For Tourmaline, who is a Black trans woman, hiring people with the lived experience being discussed in these sorts of projects goes beyond just offering them a seat at the table (which is desperately needed as Black trans people are four times more likely than the greater population to experience unemployment and poverty), it also makes for better art. “We bring all of who we are into that conversation, and we bring the beauty of who we are,” she says. “It's so clear and meaningful when that happens, when brands resource the people who are living these experiences, we can feel the power of that,” she says.
Whether it's laws that regulate what people can and cannot wear or whether it’s violence that happens when black trans people are expressing who we are, those barriers effect our freedom to express our beauty.
Dove is also donating funds and personal care products to each organization the activists represent. “I think it's so wonderful when people who are living these experiences have the platform and the resources to share about our lives,” says Tourmaline, the filmmaker and activist Dove tapped to create the film.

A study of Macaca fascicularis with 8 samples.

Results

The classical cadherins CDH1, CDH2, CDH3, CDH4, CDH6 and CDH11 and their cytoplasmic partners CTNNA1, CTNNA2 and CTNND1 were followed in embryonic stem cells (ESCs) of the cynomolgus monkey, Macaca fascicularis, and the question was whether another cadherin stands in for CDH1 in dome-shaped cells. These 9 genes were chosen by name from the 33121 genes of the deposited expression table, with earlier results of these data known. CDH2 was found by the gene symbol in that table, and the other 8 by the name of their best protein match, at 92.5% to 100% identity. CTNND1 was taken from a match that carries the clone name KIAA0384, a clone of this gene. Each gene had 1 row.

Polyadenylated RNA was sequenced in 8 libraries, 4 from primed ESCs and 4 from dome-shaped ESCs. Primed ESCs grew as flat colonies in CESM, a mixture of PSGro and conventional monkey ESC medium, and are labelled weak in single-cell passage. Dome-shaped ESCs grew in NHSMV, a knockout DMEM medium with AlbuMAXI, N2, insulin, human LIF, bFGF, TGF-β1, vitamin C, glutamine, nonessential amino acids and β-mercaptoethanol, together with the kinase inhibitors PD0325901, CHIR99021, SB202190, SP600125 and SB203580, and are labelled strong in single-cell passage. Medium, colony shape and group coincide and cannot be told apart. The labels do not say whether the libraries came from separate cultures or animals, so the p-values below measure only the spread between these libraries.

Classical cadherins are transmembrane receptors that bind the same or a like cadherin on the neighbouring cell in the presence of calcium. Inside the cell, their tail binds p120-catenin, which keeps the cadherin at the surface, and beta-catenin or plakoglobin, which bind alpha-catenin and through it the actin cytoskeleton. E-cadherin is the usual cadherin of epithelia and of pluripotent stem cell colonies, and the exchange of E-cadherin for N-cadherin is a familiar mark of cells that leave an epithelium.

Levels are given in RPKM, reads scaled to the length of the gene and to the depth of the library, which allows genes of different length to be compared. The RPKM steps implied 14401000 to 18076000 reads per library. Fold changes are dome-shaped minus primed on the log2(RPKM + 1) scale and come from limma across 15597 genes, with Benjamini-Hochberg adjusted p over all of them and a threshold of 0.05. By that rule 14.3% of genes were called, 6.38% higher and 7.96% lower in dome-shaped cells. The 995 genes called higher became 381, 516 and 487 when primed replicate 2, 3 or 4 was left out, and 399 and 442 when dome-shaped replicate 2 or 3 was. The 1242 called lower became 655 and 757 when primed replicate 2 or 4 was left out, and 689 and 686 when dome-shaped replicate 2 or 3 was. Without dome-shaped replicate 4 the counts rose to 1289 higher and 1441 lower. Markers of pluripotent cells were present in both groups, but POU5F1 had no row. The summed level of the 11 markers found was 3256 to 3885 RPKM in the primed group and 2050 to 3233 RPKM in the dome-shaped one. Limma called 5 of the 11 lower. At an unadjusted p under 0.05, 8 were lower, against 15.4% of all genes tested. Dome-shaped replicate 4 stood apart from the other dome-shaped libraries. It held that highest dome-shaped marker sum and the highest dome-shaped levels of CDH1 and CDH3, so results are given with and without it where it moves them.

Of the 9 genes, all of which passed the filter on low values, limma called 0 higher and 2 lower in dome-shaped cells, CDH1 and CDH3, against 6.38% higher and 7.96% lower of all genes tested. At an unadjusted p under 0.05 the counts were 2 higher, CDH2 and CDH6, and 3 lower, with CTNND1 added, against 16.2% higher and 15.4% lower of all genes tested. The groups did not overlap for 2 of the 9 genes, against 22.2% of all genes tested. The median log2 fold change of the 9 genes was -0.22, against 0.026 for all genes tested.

To me, it was really important to feature people who are powerful, whose beauty is an ongoing self actualizing process, who are leaders in local community or national community, and who are doing the work with vital organizations.
Beauty giant Dove has captured this moment in its new pride campaign titled “Nothing More Beautiful. ” The film spotlights six activists in the BIPOC LGBTQ+ community—Raquel Willis, Stoyan Francis, Stella Martin, Courtney McKinney, Bamby Salcedo, and Marvin “Mimi” Shelton—who have worked their entire lives pushing for change.
It's important to shine on people who are doing the work on a local level and have been doing it for a long time.
This year's marches, however, have been particularly focused on achieving justice for Black trans people, who are some of the most vulnerable in the community and have largely been left out of mainstream media coverage of police violence.
What can the beauty industry as a whole be doing better to support and serve people of color in the LGBTQ+ community?